It wasn’t so long ago that Aaron Altherr was one of the biggest reasons for optimism regarding the Phillies heading into next season. It was early August when the 26-year-old re-aggravated a right hamstring injury that had previously cost him 10 games in July. At the time, Altherr was hitting .285 with 20 doubles and 16 home runs, making him one of the lone bright spots of an impotent (makes me giggle every time) lineup.
Funny what six weeks of Rhys Hoskins paired with Nick Williams can do. Altherr, buried by the excitement of the Phillies’ young prospects swinging the team towards respectability, had become somewhat of a forgotten man.
Until last night.
Altherr stepped into the box in the bottom of the 6th inning with the bases loaded and two outs. Sixty feet and six inches away stood this generation’s greatest pitcher, Clayton Kershaw. Prior to throwing an 88 mph slider on the third pitch of the at-bat, Kershaw had completed 1,922 innings having never surrendered a grand slam. About that.
— Today in MLB (@TodayintheMLB) September 19, 2017
418 feet later, the Phillies had a 4-2 lead and Aaron Altherr yelled, “I’m back, bitches” as he stomped on home plate.
Actually, that last part didn’t happen. But could you imagine if it did?
A quick aside:
Bar I'm at just turned the Phillies game off on a 3-2 pitch to Hoskins with two on and two out. Violation. Amateur hour.
— Bob Wankel (@BobWankelCB) September 19, 2017
Glad I didn’t miss anything. Thanks, Skeeter’s.
Anyway, it was a great moment for Altherr, who had struggled mightily since returning to action 10 days ago. Before the second-deck blast, Altherr had three hits in 23 at-bats, while collecting only one extra-base hit and 2 RBI. It was a reminder that Altherr is a pretty good baseball player. But that got me wondering, does he fit into the Phillies’ long-term plans?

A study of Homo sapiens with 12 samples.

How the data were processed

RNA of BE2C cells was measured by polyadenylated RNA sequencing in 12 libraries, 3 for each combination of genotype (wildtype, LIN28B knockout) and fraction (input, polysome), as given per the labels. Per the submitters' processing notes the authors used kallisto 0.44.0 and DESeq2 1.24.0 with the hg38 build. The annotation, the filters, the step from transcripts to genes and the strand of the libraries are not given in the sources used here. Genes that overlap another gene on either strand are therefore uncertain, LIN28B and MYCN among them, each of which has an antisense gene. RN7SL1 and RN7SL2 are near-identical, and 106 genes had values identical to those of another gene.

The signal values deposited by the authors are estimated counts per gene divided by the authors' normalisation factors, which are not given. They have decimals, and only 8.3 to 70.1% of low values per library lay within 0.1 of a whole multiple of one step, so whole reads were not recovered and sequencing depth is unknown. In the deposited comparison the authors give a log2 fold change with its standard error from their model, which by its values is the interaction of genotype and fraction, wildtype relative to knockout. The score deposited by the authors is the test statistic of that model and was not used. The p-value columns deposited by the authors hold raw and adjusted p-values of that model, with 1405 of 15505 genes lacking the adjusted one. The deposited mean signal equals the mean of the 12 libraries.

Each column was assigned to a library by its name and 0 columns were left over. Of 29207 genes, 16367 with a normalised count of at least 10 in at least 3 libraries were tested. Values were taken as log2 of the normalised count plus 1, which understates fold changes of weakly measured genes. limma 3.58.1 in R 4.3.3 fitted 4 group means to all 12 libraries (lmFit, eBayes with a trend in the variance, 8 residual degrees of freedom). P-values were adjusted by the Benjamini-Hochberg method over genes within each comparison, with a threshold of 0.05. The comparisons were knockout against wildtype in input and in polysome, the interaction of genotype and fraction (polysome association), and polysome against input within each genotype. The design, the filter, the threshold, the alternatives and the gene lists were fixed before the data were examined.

Much attention has been paid to the Phillies’ looming infield logjam, but what GM Matt Klentak does with the outfield also bears watching. The team will likely head into 2018 with an outfield of Odubel Herrera, Williams, and Altherr. But they will certainly listen to other teams calling with interesting offers, specifically to bolster the team’s power. While Hoskins offers premium power at first base, legit home run power is lacking in other spots. Any move to address this would likely occur in the outfield due to the aforementioned infield overload.
It’s a virtual certainty that Williams will be here next season. Herrera’s stupidity is infuriating, but he’s dynamic and cost-effective. Which brings Altherr into focus. It’s true that he’s showed big power potential in spurts, including his BLAST last night [editor’s note: is it just me or are Phillies hitters killing the ball in ways we have never seen before?]. He’s homered once every 20.7 at-bats this season. Drawn over a full season’s worth of at-bats (approximately 550 ABs), that pace amounts to a respectable 26 home runs–except he can’t seem to stay on the field for a full season’s worth of at-bats.
Altherr appeared in only 57 games a year ago after missing extensive time with a broken wrist he suffered while diving after a ball in spring training. He’s missed over a month and a half this season with the hamstring injury. While he’s been productive this season, it’s fair to wonder if his injury troubles are simply a string of bad luck, or a troubling trend.
Klentak could, of course, keep things status quo in the outfield for 2018—there’s no real need to rush a decision on Altherr. Perhaps he plays 150 games, blossoms into prime Jayson Werth, and is a perfect complement to the team’s young talent. But it’s something to keep an eye on this winter.